It's a matter of respect. That's what our current and hopefully soon-to-be-outgoing president and his blinded followers don't seem to understand both about who we are as a country and about Joe Biden.
This election is and must be about respect. Respect for America. Respect for ourselves. Respect for each other. Regardless of party, or color, or sex, or belief, or age or country of birth or state of health.
Biden and most Democrats seem to get it. Biden's VP pick is a woman. And a Black. And an Asian-American. Biden's transition team now is even vetting a handful of Republicans for potential Cabinet positions, including former presidential candidate John Kasich of Ohio — despite the possibility that it won't win Biden any new support from the right and might risk enraging some on the left. His health care plan is a smart blend of the Affordable Care Act, commercial insurance and a single-payer option. His climate plan embraces alternative energy and infrastructure jobs to balance diminishingly used fossil fuels.
Meanwhile, Donald Trump huffed out of an "60 Minutes" interview — a staple of campaigns — and refused to complete a segment with Vice President Mike Pence. He attacked Lesley Stahl, who was asking questions about the coronavirus. And why wouldn't she? A better question is why wouldn't our president have the decency and wherewithal to answer.
Trump's tantrum proves less about his disrespect for the media and more about his profound lack of seriousness in the middle of a domestic crisis that has killed more than 222,000 Americans while cases spike higher daily. His fit disrespects every one of us, every one of the nearly 8.4 million Americans sickened and every one of those who died.
The disrespect extends beyond Trump to his base, but other voters are catching on. Down south, across Tennessee's border in once solidly red Georgia, polls say Trump and Biden are tied and so are Senate opponents Sen. David Perdue and Democratic challenger John Ossoff.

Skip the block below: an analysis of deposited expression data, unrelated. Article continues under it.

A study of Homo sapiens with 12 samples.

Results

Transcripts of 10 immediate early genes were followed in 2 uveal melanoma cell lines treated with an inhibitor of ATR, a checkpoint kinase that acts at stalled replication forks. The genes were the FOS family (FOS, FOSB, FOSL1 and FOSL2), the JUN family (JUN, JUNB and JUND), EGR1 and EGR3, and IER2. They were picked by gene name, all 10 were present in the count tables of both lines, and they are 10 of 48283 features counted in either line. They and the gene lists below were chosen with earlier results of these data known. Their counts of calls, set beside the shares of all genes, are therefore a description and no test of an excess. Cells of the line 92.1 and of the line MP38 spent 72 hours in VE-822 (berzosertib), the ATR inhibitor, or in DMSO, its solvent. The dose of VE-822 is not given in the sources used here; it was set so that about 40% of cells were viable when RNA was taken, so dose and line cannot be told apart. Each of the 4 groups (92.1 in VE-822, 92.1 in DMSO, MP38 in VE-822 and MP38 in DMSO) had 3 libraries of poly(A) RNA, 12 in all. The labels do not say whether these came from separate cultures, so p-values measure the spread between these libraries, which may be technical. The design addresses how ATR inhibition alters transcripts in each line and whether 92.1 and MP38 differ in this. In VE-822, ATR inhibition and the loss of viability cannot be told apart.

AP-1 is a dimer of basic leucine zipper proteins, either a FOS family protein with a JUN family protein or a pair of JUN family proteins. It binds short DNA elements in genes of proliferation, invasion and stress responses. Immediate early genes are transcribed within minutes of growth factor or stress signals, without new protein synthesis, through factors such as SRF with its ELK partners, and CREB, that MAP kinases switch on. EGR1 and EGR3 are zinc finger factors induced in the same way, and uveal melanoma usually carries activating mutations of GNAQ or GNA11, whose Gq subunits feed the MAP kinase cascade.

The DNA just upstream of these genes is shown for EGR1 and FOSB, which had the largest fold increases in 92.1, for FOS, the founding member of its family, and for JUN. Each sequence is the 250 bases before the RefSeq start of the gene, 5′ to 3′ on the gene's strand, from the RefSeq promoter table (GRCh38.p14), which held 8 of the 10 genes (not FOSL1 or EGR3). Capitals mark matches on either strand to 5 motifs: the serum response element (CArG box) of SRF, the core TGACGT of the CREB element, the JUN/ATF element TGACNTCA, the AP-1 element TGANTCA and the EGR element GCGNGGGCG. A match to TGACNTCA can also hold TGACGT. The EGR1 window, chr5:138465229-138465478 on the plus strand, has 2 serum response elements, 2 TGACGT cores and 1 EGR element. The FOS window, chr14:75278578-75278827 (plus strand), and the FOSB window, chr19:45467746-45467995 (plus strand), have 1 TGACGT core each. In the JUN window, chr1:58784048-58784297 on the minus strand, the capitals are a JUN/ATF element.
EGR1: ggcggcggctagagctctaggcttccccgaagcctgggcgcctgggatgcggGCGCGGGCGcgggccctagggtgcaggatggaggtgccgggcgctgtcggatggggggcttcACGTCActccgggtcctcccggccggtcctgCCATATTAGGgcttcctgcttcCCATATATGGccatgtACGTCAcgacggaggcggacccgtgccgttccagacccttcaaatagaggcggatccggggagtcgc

Several days ago, Perdue — first cousin of Trump Secretary of Agriculture and former Georgia governor, Sonny Perdue — created his own spectacle of disrespect during Trump's Macon campaign rally. There, Sen. Perdue mocked fellow Sen. and Democratic vice presidential nominee Kamala Harris' name.
"Ka-MA-la, KA-ma-la, Kamala-mala-mala. I don't know, whatever," Perdue said of the woman he served with in the U.S. Senate for the past three years.
It was a sign of his automatic dismissal. It was racist. It was and is plain and simple disrespect of anything other. Or, as one Begali America mother of a son named Zakir told the Huffington Post later: "If white people can say 'Phoebe' or 'Arnold Schwarzenegger,' they could definitely say a Nadia, Roberto or a Zakir. It's not brain surgery, it's laziness."
Perdue's spokesperson John Burke tweeted that the senator "simply mispronounced" Harris' name and "didn't mean anything by it."
We're sure, too, that Trump and his aides didn't mean anything by playing political football with COVID-19 resources — saying they should go only to red states.
And Mitch McConnell doesn't mean any disrespect when he and Trump make their umpteenth reversal on whether COVID stimulus aid for millions of unemployed Americans is too much or not enough or even on the table.
And Trump's continued hiding of his taxes — the ones he didn't pay — doesn't mean he's insulting to the rest of us or unpatriotic to America. The stable genius told us in a 2016 debate: "That makes me smart."
But more and more Americans — including a growing number of Republicans, are understanding that it is about respect.
CNN's John Avlon last week termed it "a surprising sign of bipartisanship ... and perhaps unprecedented in American history" that at least 450 prominent Republican leaders — most decades-long GOP leaders — are now supporting the Biden/Harris ticket.
He mentioned a handful who spoke at the Democratic Convention, two former chairmen of the Republican Party, five former senators and 24 former Republican members of Congress. There also are Republican governors, CIA directors, Cabinet secretaries, a UN ambassador, military leaders, Cindy McCain, 129 national security officials from Republican administrations, hundreds of George W. Bush administration alumni and 46 members of Mitt Romney's campaign.
That's in addition to members of the Lincoln project — longtime GOP operatives who've made some of the most viral anti-Trump ads and pro-Biden ads this cycle. Avlon said it's also not counting senior administration officials who have directly or indirectly warned Americans about the dangers of Trump — people like John Bolton, Rex Tillerson, Jim Mattis and John Kelly.
This isn't normal, but as Avlon noted, "these are not normal times." He added that many of those Republicans, in explaining why they endorsed the Democratic candidate, talked about Biden's decency, experience and commitment to finding common ground. But Avlon added what Sean O'Keefe, a former Navy secretary and NASA administrator told him, offering up a quote often attributed to Edmund Burke, an Irish statesman and philosopher of the 1700s:
"The only thing necessary for the triumph of evil is for good men to do nothing."
So vote for respect — respect for America and all Americans.